A landmark case nearly 20 years ago forced California's Department of Corrections and Rehabilitation (CDCR) to properly care for its disabled prisoners. Now, a federal lawsuit aims to do the same for those being held in the state's county jails.
Since California enacted the 2011 Public Safety Realignment Act (known simply as "realignment") after a federal court ordered the state to shrink its prison population, CDCR has transferred masses of nonviolent prisoners and parole violators to county jails. Among them are thousands of disabled prisoners with special needs.
Lawyers for those prisoners argue that the state is violating their rights by subjecting them to inadequate care in county facilities.
In August 2012, U.S. District Judge Claudia Wilken deemed dozens of complaints from those prisoners–presented by lawyers in a federal suit–evidence of widespread violations. Then, she ordered CDCR to begin e-mailing jails with information about disabled prisoners, including past services they'd been provided. She also ordered that those prisoners receive grievance forms and for the state to investigate complaints.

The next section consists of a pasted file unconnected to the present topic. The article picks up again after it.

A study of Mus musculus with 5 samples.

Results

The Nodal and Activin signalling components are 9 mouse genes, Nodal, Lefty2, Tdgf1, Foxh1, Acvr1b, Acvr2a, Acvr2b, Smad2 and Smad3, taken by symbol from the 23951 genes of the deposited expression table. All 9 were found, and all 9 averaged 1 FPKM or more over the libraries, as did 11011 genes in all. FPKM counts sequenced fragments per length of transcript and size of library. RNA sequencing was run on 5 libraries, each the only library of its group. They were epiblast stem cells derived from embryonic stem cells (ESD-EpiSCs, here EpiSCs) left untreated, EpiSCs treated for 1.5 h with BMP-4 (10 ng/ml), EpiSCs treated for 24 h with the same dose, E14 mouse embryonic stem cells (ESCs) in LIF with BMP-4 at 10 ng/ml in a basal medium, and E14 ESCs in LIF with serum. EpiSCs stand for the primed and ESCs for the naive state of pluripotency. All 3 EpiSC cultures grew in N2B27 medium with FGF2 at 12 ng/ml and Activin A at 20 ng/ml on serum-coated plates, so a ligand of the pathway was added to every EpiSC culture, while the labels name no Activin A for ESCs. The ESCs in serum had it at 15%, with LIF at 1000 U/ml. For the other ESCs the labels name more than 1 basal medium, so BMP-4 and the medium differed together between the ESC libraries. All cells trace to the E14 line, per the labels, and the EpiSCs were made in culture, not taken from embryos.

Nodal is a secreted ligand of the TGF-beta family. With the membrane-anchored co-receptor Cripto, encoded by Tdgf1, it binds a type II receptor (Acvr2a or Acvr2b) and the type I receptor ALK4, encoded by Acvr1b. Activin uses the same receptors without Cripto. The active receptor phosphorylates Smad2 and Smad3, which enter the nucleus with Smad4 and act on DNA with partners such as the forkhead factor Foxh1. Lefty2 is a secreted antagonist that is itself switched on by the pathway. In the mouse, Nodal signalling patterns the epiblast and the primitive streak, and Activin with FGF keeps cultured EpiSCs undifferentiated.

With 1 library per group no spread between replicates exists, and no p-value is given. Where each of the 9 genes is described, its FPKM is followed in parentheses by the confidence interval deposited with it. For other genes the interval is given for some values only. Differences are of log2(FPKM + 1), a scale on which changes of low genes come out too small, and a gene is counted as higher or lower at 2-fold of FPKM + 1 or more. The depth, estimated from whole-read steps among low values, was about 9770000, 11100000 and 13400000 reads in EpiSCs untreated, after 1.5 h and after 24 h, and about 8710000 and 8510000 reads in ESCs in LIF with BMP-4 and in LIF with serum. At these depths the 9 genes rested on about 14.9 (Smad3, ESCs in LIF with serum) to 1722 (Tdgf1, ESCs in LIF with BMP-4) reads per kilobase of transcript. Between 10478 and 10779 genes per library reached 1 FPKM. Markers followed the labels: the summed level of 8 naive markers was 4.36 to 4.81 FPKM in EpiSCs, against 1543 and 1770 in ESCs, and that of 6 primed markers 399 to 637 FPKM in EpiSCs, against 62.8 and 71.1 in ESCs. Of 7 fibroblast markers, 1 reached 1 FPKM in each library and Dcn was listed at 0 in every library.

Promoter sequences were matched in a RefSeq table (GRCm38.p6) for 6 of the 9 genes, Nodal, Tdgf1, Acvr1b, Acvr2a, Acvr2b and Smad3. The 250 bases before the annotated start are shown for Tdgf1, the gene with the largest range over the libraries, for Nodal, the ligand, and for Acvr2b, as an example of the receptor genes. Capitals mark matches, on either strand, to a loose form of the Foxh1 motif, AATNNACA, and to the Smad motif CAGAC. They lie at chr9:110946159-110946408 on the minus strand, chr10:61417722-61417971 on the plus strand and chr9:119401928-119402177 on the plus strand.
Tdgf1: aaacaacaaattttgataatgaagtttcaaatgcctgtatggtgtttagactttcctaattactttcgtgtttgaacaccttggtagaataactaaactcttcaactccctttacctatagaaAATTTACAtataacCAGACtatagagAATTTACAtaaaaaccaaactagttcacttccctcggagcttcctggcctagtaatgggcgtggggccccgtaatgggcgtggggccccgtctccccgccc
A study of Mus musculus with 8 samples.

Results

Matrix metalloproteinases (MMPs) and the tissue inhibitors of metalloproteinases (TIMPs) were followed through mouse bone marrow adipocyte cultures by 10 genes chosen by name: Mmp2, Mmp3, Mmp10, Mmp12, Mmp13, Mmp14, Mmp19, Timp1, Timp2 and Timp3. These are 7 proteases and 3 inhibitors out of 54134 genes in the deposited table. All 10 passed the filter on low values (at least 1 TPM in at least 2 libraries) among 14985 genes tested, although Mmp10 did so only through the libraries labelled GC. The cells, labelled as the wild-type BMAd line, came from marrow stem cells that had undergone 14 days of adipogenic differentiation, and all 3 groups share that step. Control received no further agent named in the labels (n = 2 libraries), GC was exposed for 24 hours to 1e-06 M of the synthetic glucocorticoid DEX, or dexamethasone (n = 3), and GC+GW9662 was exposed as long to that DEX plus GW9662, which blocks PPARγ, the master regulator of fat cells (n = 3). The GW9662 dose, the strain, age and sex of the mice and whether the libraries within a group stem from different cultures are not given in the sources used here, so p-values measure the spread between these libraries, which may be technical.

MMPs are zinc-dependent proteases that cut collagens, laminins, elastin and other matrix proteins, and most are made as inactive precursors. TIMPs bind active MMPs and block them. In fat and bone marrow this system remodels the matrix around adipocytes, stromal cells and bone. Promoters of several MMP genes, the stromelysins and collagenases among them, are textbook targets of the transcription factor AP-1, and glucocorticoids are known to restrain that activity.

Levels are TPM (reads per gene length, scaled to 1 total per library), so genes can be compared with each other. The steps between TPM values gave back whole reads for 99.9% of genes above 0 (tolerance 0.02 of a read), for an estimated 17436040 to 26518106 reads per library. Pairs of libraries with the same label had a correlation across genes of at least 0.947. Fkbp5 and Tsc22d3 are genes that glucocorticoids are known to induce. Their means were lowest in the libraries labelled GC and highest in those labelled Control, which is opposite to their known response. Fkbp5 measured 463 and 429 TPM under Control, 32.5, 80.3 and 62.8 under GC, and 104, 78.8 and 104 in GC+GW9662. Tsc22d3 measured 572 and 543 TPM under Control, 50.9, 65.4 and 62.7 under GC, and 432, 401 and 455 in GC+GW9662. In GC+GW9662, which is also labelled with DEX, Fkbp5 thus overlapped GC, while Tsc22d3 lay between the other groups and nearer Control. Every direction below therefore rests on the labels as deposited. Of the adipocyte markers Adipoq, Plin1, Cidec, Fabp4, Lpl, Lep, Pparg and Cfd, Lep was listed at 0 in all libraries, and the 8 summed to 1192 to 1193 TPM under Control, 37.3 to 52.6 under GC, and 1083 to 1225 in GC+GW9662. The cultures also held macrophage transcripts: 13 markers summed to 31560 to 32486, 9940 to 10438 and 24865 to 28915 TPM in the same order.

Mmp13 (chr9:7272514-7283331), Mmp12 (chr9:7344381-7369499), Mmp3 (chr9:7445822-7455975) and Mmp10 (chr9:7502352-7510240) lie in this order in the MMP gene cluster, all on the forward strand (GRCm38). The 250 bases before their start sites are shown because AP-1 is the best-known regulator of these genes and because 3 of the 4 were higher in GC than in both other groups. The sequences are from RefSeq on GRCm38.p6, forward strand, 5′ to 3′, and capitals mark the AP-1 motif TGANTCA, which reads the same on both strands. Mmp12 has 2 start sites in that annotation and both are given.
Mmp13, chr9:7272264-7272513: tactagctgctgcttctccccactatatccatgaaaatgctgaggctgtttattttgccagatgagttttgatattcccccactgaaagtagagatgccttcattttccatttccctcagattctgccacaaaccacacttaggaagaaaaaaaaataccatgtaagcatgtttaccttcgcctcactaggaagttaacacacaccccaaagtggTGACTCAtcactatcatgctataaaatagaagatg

County officials now worry that the cost of upgrading jails and caring for disabled prisoners will be huge and they'll be forced to pay for them out of their own budgets.
"I'm crossing my fingers that we can accommodate some of those needs here in our county," says Tulare County Undersheriff Dahl Cleek, whose jail was found by prisoner advocates to be in violation of disabled prisoners' rights last year. "But it's not like we have a built-in hospital in these jails. Those could bankrupt a county pretty quick."
Stop worrying and start complying, argues Gay Grunfeld, the lead attorney in a 1994 class-action suit against CDCR– known as the Armstrong case– that alleged disabled prisoners were being housed in poor conditions and were discriminated against by being prohibited equal access to programs and services. The plaintiffs ultimately prevailed, with disabled prisoners gaining access to showers, toilets, medical supplies and prison programs.
Jeanne Woodford, the former CDCR director who implemented the policy changes resulting from the Armstrong case, now says many county jails are in the same predicament prisons once were.
"County jails are providing accommodations only sporadically, resulting in significant harm to CDCR prisoners and parolees," Woodford says.
For now, the state and counties seem less concerned with correcting violations than they are about paying for the costs. CDCR has argued to Wilken, and Gov. Jerry Brown has signed legislation, stating that jail prisoners are under the counties' "sole legal custody and jurisdiction."